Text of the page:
From where I sit - Olympic spirit is golden legacy

November 27, 2008

They are known as the "bird's-nest generation", products of China's one-child policy who are used to living comfortable lives as the centre of attention in their families.

But for the many students who were among the 1.7 million volunteers oiling the wheels at this summer's Beijing Olympics, a transformation has occurred. Never before has the Olympic Games had such an influence on a country's students; it has become a cherished experience for those who took part.

Most of those who volunteered were born in the late 1980s and early 1990s. They had been the focal point of their extended families and were living comfortably on university campuses, which contributed to the perception that many have lived overly sheltered lives.

But the process of volunteering has turned them from a group of often spoilt youths to a strong force of passion and commitment: the most dynamic force of the Olympics.

When asked why they took part, many of them echoed the sentiments of one volunteer, who said: "It is not simply offering one's service; it is to be part of such a great event. It is a dream come true."

Other volunteers interviewed said they had signed up in the hope of helping others and serving the nation and society, while also making friends and enjoying new experiences.

Pei, for example, was a volunteer in the Water Cube, the aquatics centre where the swimming and diving events were held, and he is very proud of his work.

He said: "It was not simply a case of offering to work; the opportunity to volunteer was hard won through several rounds of fierce competition and review. Usually only one in every ten or more applicants was selected. Once we had got through, we were given a rich training, taking in the culture and history of the Olympics and of Beijing, covering various sports and the media industry, learning foreign languages and the etiquette of different cultures, not to mention the jobs required of us at specific venues."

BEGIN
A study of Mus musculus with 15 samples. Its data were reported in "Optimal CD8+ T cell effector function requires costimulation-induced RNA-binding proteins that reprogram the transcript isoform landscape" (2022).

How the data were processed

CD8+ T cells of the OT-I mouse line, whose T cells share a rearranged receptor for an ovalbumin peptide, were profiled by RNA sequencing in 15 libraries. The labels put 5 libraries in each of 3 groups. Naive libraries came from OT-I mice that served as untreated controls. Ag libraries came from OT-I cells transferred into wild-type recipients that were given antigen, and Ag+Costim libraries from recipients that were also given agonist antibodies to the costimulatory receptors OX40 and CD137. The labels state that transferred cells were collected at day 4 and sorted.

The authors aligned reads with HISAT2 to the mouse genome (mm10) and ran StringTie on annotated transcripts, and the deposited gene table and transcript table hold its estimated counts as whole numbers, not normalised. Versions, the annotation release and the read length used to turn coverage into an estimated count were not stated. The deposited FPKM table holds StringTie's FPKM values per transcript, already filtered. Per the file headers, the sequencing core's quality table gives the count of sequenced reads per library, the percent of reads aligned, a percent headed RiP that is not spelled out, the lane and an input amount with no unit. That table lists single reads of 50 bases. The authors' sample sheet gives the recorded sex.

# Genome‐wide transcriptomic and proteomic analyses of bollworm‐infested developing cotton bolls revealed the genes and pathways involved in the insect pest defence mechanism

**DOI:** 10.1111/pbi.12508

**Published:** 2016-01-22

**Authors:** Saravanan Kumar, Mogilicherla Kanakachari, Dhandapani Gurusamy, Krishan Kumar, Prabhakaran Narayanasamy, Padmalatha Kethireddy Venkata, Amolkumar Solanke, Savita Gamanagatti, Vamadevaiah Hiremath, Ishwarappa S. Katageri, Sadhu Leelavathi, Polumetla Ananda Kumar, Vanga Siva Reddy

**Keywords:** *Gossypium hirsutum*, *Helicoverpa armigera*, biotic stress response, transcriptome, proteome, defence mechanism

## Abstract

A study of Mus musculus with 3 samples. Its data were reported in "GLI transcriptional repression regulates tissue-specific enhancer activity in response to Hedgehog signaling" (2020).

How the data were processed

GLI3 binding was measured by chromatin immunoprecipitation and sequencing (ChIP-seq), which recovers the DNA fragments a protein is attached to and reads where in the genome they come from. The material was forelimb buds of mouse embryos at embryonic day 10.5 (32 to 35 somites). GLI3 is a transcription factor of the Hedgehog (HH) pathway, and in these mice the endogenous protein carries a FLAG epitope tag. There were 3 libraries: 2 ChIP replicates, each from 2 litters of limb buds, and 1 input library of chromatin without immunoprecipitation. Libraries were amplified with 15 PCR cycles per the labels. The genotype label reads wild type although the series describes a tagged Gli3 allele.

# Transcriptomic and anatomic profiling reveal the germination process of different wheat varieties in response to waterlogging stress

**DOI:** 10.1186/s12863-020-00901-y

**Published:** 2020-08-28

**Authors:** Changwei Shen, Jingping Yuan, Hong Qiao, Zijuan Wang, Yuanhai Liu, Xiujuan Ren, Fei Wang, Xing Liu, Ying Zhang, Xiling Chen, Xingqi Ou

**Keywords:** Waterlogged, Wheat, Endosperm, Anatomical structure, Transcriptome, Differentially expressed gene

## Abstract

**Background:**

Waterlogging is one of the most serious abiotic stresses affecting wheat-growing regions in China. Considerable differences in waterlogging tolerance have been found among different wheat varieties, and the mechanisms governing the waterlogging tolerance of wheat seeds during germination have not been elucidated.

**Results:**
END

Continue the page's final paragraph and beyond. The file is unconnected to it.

The training was even more difficult for specialist volunteers such as Pan, a media volunteer at the International Broadcast Centre. He said: "We took five special courses in my university in two years to get ready for the Olympics. I've learnt a lot from volunteering, and that even waiting can be an important responsibility. We also learnt to bring simple and small tasks to perfection."

A third volunteer, Feng, was among the 150 students from one top university in Beijing who provided room service in the Beijing Athletes Village.

"Trivial though my work was, I felt so fulfilled," he said. "I like to work in a team, learning from each other and doing my bit - it is both giving and receiving.

"Yes there were times when it was hard work, but we were full of joy all along, and my friends and I will be looking to do more volunteer work as a result of the experience."

It is telling that the slogan favoured by student volunteers was not the official one, "A volunteer's smile is Beijing's best image", but the more straightforward: "I volunteer, I feel good."

The Beijing Olympics were a spectacular success both at home and abroad, but among the highlights was the growth of the volunteer spirit, which has undoubtedly spread wider and further than the Games themselves.